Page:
If you ask penetration testers what the easiest path into a target is, the chances are very, very good that they’ll say “users.” If you ask malicious actors – if you could find one who was willing to answer, that is – chances are good they would say the same thing. With the exception of the occasional zero-day exploit, or old and unpatched exploit, attacks against an organization’s users are the most frequent vector. You need to be able to monitor user behavior to detect and stop advanced cyberattacks that target users continuously.
The reality is that users are only Human. As such, users are subject to the usual Human failings and foibles. They get tired. They get distracted. They get lonely. They get careless. They are subject to flattery, threats, confusion, and a myriad of other things that come with being organic social beings. And all that boils down to Humans being the weakest link in almost every organization’s security chain.
Scary Attack Surface or First Line of Defense?
That said, users can also be an organization’s first line of defense. A security conscious user that recognizes a suspicious email, or even unusual activity at their office, and alerts security operations could be what stops an attacker from successfully breaching their target. That comes down to user education and, at least as important, a security conscious culture where they work. With the right training and attitude, user behavior can go from being part of the threat surface to a robust layer of defense.
In an ideal world we’d have just that. All our colleagues would be adequately trained and could consistently identify and avoid the social engineering, spear phishing, and cast-netting attempts that came their way. Cast-netting, for those who may not have heard the term, refers to phishing attacks that are limited to a single organization. They don’t care who in the organization they get, much like throwing a net into a small pond. These are more focused than Spear phishing, which targets a single person, and can be very effective for an attacker.
But, as we know, our users are Human. Fallible, deceivable, imperfect, Humans.
Humans are Human
What that means is that we will have threat actors abusing our users to get into our environments. It’s happened before, in some very high-profile cases, and it will happen again. Bad people do bad things, and our users take the brunt of it. And this doesn’t even go into the cases where the users are the malicious actors. Being able to monitor user behavior is key to identifying and stopping malicious insiders as well as cybercriminals who have compromised a user’s legitimate account.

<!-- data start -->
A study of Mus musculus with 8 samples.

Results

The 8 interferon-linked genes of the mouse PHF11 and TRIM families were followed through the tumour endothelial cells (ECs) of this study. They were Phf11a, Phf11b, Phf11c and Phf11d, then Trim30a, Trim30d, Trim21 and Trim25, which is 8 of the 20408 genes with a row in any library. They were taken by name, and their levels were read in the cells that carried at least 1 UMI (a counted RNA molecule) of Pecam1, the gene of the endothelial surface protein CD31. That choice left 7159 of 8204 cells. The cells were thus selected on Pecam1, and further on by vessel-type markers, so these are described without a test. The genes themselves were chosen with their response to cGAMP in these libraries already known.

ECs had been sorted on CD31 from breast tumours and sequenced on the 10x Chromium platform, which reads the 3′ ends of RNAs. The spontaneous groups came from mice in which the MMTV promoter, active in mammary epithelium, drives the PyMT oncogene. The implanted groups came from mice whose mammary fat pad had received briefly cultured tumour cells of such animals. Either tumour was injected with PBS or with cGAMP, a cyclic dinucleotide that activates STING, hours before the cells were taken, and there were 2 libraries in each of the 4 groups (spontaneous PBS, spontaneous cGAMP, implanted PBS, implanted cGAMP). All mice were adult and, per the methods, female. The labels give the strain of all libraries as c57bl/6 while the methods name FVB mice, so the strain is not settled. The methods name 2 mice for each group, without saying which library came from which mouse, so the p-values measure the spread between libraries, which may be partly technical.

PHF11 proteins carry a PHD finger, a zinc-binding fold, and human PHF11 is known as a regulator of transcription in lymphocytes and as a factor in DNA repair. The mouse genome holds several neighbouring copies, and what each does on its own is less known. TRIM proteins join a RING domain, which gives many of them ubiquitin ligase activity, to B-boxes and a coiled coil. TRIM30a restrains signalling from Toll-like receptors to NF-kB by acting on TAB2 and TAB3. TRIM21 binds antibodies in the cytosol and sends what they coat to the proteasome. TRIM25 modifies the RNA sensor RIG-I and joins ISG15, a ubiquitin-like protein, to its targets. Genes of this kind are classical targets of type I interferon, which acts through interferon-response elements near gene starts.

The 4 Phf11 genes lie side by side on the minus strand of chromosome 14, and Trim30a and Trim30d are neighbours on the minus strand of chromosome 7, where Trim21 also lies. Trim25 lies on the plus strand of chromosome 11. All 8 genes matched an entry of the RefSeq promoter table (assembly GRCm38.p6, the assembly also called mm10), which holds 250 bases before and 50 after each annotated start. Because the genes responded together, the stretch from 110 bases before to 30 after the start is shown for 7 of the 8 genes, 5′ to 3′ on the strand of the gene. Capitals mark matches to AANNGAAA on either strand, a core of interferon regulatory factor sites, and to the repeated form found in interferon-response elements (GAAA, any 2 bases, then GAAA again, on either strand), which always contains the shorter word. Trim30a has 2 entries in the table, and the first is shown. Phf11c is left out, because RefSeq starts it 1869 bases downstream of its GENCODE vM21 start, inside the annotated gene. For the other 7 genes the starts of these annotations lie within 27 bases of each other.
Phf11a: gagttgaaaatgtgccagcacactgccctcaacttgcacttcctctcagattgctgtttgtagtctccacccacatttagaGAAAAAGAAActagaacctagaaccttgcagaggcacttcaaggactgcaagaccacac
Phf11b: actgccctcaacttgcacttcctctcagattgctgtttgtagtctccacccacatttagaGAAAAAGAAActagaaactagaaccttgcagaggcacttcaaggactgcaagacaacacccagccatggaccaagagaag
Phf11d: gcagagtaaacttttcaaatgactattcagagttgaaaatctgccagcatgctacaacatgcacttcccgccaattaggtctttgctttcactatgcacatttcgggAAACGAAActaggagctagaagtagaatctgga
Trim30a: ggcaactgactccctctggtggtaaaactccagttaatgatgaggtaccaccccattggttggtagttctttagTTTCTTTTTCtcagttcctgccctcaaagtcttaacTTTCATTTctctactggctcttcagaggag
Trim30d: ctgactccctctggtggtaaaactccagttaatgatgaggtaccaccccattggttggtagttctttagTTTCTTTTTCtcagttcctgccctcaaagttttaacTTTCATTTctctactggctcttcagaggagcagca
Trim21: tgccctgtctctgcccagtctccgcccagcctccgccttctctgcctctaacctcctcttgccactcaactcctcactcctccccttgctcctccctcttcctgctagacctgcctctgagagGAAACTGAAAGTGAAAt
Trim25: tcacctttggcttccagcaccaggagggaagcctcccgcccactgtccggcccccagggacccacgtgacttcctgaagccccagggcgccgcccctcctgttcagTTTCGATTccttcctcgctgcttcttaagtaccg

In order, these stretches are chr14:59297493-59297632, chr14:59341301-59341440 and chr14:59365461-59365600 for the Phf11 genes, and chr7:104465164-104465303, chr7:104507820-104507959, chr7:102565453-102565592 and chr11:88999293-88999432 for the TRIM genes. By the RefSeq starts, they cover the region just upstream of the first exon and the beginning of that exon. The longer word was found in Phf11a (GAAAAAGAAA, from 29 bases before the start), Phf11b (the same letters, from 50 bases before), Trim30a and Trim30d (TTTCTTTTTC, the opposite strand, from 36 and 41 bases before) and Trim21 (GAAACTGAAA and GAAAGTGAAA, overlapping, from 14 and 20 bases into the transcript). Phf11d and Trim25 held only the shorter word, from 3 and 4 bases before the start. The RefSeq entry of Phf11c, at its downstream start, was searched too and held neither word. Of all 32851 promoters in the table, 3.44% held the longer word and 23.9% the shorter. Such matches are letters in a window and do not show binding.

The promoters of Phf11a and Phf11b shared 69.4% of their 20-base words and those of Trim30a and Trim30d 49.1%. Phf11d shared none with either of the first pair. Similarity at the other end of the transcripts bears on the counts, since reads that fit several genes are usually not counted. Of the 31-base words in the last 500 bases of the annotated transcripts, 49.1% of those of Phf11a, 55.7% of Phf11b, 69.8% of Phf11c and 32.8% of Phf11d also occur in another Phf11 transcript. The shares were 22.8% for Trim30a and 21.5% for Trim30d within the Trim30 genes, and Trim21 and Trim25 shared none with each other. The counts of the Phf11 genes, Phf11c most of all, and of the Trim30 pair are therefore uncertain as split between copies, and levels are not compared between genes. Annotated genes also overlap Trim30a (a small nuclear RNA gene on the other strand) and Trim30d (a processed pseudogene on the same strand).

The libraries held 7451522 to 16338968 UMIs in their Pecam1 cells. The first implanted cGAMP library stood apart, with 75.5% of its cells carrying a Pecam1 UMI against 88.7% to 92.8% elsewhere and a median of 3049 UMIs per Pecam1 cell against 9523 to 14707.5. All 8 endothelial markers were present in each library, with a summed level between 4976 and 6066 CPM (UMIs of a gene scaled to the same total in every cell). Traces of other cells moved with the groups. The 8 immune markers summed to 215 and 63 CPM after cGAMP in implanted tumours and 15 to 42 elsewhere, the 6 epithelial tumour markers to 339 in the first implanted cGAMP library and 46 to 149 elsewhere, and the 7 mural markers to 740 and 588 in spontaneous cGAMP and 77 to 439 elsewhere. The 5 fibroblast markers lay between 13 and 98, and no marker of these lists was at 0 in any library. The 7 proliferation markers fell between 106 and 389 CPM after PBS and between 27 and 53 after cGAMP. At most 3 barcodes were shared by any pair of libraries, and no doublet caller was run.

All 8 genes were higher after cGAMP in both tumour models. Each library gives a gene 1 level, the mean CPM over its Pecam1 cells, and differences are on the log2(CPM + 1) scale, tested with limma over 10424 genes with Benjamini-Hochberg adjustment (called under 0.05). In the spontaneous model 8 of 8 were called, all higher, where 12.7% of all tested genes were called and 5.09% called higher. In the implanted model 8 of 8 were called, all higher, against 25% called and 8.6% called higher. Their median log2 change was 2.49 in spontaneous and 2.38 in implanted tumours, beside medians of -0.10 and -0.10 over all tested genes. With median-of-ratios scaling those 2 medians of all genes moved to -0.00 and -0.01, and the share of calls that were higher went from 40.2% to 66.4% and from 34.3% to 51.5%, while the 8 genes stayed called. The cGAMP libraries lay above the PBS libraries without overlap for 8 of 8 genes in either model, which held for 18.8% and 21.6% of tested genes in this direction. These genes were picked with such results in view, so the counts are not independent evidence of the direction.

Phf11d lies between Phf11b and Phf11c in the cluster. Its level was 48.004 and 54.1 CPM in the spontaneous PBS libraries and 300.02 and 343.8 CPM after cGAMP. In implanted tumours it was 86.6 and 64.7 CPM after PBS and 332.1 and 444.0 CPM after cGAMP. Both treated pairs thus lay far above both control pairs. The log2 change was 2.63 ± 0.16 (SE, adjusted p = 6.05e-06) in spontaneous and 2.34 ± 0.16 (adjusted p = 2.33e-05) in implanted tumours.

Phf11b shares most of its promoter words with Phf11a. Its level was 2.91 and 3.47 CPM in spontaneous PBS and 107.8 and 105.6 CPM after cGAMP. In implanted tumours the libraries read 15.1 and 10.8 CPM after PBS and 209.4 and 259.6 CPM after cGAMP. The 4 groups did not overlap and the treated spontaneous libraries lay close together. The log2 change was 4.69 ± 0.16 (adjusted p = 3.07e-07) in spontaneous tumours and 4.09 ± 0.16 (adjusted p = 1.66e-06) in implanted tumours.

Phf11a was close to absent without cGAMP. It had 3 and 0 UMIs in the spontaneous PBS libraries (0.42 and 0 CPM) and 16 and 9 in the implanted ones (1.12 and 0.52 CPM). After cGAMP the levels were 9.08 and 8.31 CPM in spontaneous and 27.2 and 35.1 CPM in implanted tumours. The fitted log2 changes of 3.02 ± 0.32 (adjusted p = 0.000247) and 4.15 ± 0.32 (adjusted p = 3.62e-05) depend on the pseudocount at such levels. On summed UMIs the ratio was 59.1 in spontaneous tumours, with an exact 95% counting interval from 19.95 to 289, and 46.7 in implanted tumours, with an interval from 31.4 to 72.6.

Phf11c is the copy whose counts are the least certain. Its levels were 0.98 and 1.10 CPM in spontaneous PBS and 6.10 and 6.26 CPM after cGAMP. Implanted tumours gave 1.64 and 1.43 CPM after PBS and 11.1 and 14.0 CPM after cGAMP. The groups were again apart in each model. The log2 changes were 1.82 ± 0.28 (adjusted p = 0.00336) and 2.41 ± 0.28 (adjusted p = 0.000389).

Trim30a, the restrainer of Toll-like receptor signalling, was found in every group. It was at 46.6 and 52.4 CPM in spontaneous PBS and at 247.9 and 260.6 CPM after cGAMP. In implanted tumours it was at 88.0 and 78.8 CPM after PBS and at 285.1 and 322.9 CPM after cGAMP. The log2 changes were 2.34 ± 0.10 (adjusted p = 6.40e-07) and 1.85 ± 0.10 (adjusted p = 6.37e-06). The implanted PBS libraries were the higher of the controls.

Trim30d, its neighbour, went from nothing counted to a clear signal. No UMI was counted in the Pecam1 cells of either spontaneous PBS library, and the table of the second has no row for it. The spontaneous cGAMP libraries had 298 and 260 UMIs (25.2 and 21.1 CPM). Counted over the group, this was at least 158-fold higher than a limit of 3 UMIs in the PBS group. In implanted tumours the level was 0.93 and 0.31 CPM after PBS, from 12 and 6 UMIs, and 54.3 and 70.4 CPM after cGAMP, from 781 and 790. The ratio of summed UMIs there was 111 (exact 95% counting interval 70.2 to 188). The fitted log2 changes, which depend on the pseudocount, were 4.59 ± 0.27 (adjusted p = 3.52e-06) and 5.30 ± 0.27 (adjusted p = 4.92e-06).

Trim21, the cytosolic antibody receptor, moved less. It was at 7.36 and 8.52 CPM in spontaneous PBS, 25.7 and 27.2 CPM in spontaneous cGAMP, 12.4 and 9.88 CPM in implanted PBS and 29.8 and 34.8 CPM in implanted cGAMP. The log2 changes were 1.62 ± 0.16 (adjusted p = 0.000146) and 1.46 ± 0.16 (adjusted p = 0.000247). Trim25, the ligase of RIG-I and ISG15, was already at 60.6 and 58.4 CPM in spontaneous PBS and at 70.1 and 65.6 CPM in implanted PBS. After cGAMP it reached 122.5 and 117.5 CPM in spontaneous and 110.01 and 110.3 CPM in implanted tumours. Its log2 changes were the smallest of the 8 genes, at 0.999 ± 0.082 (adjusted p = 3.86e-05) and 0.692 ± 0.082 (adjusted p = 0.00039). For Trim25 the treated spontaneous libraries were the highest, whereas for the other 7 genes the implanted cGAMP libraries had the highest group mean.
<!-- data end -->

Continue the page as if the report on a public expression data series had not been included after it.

Intentionally, or not, the Insider Threat use case is still a major issue. Users who have chosen to do something bad have a leg up on the baddie who’s leveraged social engineering or phishing to grab a user’s identity. They’re already inside. They know at least some of the defenses and can try and work around them, and they know where at least some, if not all, of their targets are. No need for a sneaky search through the archives to find the Holocron. They know where it’s stored. They will only be caught if you can detect when their user behavior changes from normal to nefarious.
Defend for the Worst Case
This all boils down to our need to build defenses that can handle cases where the users, one of the assets we’re trying to protect, is the source of the threat.
Fortunately, we have a number of tools that help protect us from user compromise. For example, multi-factor authentication can help prevent credential abuse if the user has their credentials phished, social engineered, or otherwise acquired by someone who shouldn’t have them. Identity and Access Management (IAM) systems work hand in hand with MFA to make sure users are really who they say they are.
Data Loss Protection (DLP) systems or Digital Loss Prevention, if you prefer, can help keep malicious actors from absconding with the organization’s crown jewels, while deception technologies can keep an attacker from finding them in the first place by sending them on a wild goose chase.
There’s malware and anti-virus prevention tools to go with Endpoint Detection and Response (EDR) to help protect the endpoints. And finally, where we tie them all together, in User and Entity Behavior Analytics. This is where we proactively monitor user behavior in real-time with advanced security analytics to detect when a user’s behavior changes – and potentially becomes a threat.
Users Are Entities Too
Users, and the systems, or “entities” they work with, all have distinct behaviors they exhibit day to day as they do what they do. Everything from when and where they log in from, to what systems they interact with, to the assets they normally access or create, form a baseline. And when we see deviations from that baseline, we recognize it, classify it, and assign a risk score to reflect just how much of a risk that unusual user behavior represents.
It’s said you can steal a user’s credentials, but you can’t steal user behavior. Likewise, when an insider decides to do something nefarious, they’re going to act differently from how they normally act. In either case, they are doing something unusual and that’s what gives them away. User behavior can be identified as being anomalous by seeing how users and entities interact in context with an advanced security analytics tool.
Our users can be our scariest attack surface or our first line of defense. Gurucul UEBA helps on either end, by recognizing when something’s gone wrong and helping see the subtle patterns when everything else is going right.